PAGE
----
Although LTV is a common toll for lenders, many applicants and borrowers are in the dark as to what LTV is and lack a true understanding of how lenders use this calculation in terms of their financial assistance.
How Loan to Value Relates to Risk
Loan to Value is the calculation of how much mortgage a borrower owes in relation to the estimated value of their home or property. As part of an example, let us evaluate a borrower who has a mortgage of £100,000 for a home that is worth £200,000.
Based on these valuations, that borrower’s Loan to Value is 50 percent and they, in theory, have equity of £100,000. Lenders look for the lowest LTV possible because it directly relates to the risk the lender will take by approving the loan. When the LTV is low, lenders are more confident that payments will be made consistently through the life of the loan.
When an applicant is requesting to borrow money against their currently owned property, which in turn releases some of the equity from the property, the Loan to Value percentage that lenders consider appropriate changes. In this situation, lenders are comfortable approving loans at an LTV of 75 per cent, that is, three-quarters of the property’s value.
Do Lenders Look at Applicant’s Credit Scores?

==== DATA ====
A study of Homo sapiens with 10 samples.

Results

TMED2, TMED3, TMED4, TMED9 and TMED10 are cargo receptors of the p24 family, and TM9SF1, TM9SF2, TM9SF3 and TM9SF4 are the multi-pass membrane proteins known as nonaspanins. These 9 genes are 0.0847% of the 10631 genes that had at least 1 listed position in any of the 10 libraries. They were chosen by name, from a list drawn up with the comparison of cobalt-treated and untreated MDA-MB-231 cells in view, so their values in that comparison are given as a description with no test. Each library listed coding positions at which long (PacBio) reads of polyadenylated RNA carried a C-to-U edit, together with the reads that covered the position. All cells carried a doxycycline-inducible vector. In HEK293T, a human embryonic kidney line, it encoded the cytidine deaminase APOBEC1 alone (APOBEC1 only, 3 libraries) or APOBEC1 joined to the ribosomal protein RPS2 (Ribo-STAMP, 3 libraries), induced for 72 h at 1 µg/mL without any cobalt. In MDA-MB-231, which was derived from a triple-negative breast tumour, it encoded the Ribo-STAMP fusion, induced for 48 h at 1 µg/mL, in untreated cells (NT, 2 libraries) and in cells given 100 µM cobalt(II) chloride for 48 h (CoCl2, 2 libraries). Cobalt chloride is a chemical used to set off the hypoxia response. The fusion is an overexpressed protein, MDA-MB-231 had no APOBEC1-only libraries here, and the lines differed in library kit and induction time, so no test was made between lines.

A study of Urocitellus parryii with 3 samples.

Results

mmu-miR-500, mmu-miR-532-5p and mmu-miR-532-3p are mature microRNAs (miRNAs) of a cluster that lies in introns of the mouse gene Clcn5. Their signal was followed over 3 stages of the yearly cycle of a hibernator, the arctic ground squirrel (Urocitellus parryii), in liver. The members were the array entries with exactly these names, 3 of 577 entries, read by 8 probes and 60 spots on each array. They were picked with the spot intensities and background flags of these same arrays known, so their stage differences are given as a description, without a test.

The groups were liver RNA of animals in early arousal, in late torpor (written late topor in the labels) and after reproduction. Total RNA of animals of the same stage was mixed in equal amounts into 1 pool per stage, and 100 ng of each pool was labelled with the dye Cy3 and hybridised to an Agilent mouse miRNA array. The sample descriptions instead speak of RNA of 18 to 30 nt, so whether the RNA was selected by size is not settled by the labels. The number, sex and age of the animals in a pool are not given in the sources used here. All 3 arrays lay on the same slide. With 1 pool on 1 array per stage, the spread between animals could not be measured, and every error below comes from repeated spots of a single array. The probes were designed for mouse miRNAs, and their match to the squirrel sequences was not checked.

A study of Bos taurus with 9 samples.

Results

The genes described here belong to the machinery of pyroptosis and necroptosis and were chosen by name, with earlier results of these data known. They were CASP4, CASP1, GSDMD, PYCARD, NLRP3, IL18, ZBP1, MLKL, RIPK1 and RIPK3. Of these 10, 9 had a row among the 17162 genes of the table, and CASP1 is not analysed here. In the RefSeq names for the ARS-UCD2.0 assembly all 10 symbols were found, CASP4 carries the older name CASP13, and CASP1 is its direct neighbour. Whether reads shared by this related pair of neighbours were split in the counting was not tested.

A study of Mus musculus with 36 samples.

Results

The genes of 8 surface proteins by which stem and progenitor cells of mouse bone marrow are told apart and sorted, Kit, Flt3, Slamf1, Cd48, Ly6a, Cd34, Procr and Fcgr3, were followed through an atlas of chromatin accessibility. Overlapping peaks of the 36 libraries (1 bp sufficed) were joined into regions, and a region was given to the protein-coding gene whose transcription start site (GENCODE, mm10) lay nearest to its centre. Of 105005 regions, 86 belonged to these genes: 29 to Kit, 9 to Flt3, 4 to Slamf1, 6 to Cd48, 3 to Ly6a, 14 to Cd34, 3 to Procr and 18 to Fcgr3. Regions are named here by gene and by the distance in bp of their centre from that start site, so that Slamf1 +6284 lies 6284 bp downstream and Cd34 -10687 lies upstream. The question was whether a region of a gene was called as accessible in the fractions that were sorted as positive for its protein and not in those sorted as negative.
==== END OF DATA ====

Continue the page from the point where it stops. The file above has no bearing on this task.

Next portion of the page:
While Loan to Value percentages are important for gauging risks, there is other information that lenders evaluate and consider when assessing a loan application. A lender will also investigate an applicant’s credit score to help paint a better picture of borrowing habits and what the individual’s repayment history looks like on other loan types such as credit cards and car payments.
Although some applicants may not have the best credit score, it should not stop them from securing financing – usually, when an individual has a low LTV they are still considered for the loan even with the not so perfect credit score.
How Loan to Value Calculations affect Bridging Loan Interest Rates
Loan to Value percentages do not only help lenders make educated decisions on risk, they are also a deciding factor in short-term loan or bridging loan interest rate calculations. Interest rates for these types of loans are again based on the lenders overall risk for providing the financing to an applicant, basically to cover themselves if the loan should go into default.
When an applicant presents a low Loan to Value percentage, their interest rates tend to be lower as well since they present a smaller risk. When there is a high LTV percentage, lenders consider this a higher risk and often charge higher interest rates.